What has been the most challenging part of being Catholic so far?
Three practices or beliefs: the rosary, confession and the separation from my Christian friends from other traditions when it comes to the Eucharist.
The rosary is new for me, and while I deeply respect the beauty of this form of prayer, I struggle a bit with the mechanics of coordinating the meditation on the Gospel passages, the prayers and my fingers on the beads. I should persist because I’d like to be able to pray the rosary without worrying about coordinating heart, spirit, mind, mouth, and fingers — but it’s a challenge.
Regarding confession, I deeply appreciate this sacrament, and love the fact that it’s also known as the sacrament of reconciliation. I recognize how essential it is and I don’t have any difficulty at all knowing that I need to confess my sins. The difficulty comes with the slightly awkward, embarrassing experience of sitting in front of a priest and telling him the shameful things one has thought, said or done. But as one priest told me, it’s a bit like going to the dentist — no one looks forward to it, but once we’ve done it we feel so much better, and we know that even if it’s painful it is absolutely necessary. Initially, my first few experiences of confession were more awkward because it was new to me, but now I really value it deeply.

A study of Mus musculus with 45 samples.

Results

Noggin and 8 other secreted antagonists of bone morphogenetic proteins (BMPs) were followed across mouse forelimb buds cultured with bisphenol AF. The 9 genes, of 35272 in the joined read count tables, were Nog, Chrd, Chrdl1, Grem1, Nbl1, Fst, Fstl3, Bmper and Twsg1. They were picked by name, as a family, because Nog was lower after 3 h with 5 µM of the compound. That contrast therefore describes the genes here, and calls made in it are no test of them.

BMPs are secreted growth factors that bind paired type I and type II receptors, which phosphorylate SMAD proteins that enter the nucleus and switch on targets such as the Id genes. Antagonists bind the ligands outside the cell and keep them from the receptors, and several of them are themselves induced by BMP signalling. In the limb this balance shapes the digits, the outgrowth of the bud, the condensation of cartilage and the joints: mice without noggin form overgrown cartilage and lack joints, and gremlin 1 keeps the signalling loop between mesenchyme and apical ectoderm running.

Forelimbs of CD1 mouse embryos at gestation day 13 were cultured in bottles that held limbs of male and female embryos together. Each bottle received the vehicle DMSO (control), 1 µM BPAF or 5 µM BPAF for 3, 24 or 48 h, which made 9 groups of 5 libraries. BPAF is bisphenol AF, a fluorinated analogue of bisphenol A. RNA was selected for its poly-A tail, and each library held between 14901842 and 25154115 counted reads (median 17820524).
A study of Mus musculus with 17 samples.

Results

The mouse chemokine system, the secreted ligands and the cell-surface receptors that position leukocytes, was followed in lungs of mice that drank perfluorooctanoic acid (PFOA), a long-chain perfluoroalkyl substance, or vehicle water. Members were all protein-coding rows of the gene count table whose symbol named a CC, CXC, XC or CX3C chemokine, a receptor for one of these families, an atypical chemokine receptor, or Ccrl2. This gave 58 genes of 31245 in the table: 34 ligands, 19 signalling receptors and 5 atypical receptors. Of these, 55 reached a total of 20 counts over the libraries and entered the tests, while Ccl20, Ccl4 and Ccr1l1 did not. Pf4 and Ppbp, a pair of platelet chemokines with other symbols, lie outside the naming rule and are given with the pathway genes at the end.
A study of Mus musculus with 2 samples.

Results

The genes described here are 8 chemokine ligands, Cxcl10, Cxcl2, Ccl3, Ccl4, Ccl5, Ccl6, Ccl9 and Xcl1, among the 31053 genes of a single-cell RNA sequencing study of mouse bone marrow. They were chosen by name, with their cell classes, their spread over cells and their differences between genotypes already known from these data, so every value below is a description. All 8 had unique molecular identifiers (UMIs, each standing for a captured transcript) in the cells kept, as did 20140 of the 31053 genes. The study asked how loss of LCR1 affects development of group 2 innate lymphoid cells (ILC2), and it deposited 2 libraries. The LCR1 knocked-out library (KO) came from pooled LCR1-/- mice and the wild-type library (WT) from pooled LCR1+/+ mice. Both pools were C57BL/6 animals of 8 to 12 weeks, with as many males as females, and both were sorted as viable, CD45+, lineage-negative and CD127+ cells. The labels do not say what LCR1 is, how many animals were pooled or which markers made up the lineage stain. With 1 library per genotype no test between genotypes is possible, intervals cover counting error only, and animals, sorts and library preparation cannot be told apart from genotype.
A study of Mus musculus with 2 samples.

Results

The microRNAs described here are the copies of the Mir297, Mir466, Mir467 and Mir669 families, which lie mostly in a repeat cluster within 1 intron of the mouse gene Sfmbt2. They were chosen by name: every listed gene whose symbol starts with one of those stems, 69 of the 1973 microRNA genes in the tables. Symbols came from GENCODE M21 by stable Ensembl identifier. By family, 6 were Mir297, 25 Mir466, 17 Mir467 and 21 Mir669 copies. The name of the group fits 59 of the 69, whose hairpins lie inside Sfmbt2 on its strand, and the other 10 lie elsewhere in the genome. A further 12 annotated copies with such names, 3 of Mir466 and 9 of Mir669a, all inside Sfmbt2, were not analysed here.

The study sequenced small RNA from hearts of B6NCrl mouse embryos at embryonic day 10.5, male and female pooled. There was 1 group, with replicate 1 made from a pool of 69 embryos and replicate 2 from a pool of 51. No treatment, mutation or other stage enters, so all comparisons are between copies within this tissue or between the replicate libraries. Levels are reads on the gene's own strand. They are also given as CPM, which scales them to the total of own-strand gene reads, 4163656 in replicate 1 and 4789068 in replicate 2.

Third, is the separation when it comes to the Eucharist. I’ve had Christian friends of other traditions come to Mass with me and I’ve had the painful responsibility to remind them in advance that they are welcome to come but cannot receive Holy Communion. Similarly, in my work I speak a lot in Anglican and other Protestant churches, or I visit other churches with friends, and I always feel sad that I’m unable to receive Holy Communion alongside them. I understand why, but I hope and pray that Christians from different traditions will one day be reunited in the one true Church.
You never planned to write a book about becoming Catholic, so how did it happen?
The evening I was received into the Church in Burma, Cardinal Bo said to me over dinner afterward that he thought I should write a book about it. Then, independently, Lord David Alton, my sponsor, said the same. Initially, I was resistant to the idea — I didn’t want to write about myself — but back in Britain I met with my parish priest and told him about the suggestion, and to my surprise he said he had the same idea. Then two other Catholic friends also said the same. So I thought okay, I have an archbishop (he wasn’t yet Cardinal at the time), a member of the House of Lords, my parish priest, and two other friends whose judgment I respect; I should at least think and pray about this seriously. George Weigel encouraged me too and suggested the title.
I spent a few months praying about it and preparing a concept note, and then I was introduced to my publishers, Gracewing, and they accepted the idea and gave me a contract to do it.